THIS STORY HAS BEEN FORMATTED FOR EASY PRINTING

Lackey proves more than a little bit lucky

By Peter Abraham
Globe Staff / May 11, 2010


An uncharacteristic outing for Lackey turned into a successful one for the Red Sox as he managed to get through six innings in a 7-6 victory over the Blue Jays.

“Tonight the boys took care of me, man,’’ the righthander said. “It’s all about the bullpen and the offense tonight. We won kind of despite me.’’

Not necessarily. Lackey put six consecutive batters on base to open the second inning, issuing two walks and allowing four hits. The Blue Jays scored four runs as they sent nine batters to the plate.

Lackey didn’t record an out until the seventh batter of the inning, Aaron Hill, grounded into a force play.

But Lackey allowed only two more runs, a long two-run homer to left field by Jose Bautista in the fifth inning.

In an odd way, it takes a good pitcher to give up that many runs and still win. Manager Terry Francona had faith that Lackey (4-1) could figure a way out of the mess and resisted the urge to go to the bullpen early.

“I think sometimes the linescore can be deceiving,’’ Francona said. “When you give up runs early, you can run to the bullpen and maybe sometimes it looks like we should. But if you get there that early, that’s a hard way to win. With a veteran pitcher who knows how to pitch and compete, he reeled it back in. It was impressive. We were happy.’’

By going six innings and leaving with a one-run lead, Lackey allowed the Red Sox to use Hideki Okajima, Daniel Bard, and Jonathan Papelbon for an inning each to finish the Jays off. The trio combined to allow only one base runner.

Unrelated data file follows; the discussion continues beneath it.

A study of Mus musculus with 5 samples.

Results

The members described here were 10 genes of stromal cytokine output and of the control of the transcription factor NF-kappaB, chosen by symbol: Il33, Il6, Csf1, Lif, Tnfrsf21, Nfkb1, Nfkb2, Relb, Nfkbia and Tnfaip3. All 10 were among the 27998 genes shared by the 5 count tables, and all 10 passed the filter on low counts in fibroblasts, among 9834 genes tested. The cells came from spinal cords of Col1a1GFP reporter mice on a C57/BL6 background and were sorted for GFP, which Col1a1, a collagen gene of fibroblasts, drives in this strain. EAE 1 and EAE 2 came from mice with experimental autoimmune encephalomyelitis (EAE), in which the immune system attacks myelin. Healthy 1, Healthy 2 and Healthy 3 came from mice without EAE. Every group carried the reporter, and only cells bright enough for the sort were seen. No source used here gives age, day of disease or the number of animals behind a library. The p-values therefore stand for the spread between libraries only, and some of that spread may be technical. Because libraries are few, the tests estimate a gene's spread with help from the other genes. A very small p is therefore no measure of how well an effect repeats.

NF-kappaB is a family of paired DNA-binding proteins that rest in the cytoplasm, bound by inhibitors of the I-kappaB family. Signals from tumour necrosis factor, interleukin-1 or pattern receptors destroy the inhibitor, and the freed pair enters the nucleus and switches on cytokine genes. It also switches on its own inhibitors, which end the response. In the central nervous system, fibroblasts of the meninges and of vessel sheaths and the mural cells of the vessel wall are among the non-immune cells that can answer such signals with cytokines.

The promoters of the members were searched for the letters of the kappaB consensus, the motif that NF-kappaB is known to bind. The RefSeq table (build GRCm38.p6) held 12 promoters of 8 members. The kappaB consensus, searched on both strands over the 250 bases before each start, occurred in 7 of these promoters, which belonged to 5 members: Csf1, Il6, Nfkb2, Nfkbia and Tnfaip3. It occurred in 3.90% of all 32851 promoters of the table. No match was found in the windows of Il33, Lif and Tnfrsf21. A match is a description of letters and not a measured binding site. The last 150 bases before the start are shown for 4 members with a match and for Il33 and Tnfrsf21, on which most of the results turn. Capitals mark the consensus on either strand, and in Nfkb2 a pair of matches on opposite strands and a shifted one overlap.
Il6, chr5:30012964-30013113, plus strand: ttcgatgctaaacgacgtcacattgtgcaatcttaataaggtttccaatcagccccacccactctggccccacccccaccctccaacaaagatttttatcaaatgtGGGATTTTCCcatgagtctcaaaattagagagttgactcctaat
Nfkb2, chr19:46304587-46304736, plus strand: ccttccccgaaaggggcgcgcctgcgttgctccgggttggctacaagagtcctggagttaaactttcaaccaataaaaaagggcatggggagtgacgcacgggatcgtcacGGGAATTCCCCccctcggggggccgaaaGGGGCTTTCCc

Lackey’s effort also saved the bullpen for tonight, a distinct possibility with the often erratic Daisuke Matsuzaka getting the start.

“You definitely never want to tax the bullpen too much,’’ Lackey said. “I guess it was nice that I at least got through six. We were in line with Oki and Bard and Pap. Those guys were outstanding tonight.’’

Lackey finished with an ugly line: eight hits, six earned runs, three walks, and six strikeouts. It was not unlike his start for the Los Angeles Angels against the Cleveland Indians July 23, 2008, when he allowed six runs on eight hits over five innings but was the winning pitcher in a 14-11 game.

“I don’t remember that game,’’ Lackey said. “I try and forget the bad ones. In those games, all you can try and do is go as deep as you can and give your team some kind of chance to get the win. You just have to try and hold the other guys down. It’s not easy because you obviously don’t have your best stuff.’’

As Lackey persevered, the Red Sox were busy scoring six runs against Toronto starter Brandon Morrow and what proved to be the winning run against Josh Roenicke in the third inning.

“Overall I thought [Lackey] did a great job,’’ catcher Victor Martinez said. “He got a lot better [after the second inning]. He was able to settle down. He was able to pound the corners and got some strikes and painted the inside corner against righthanders.

“He gave us a great chance to come back and win the game.’’

Peter Abraham can be reached at pabraham@globe.com. Follow him on Twitter @peteabe.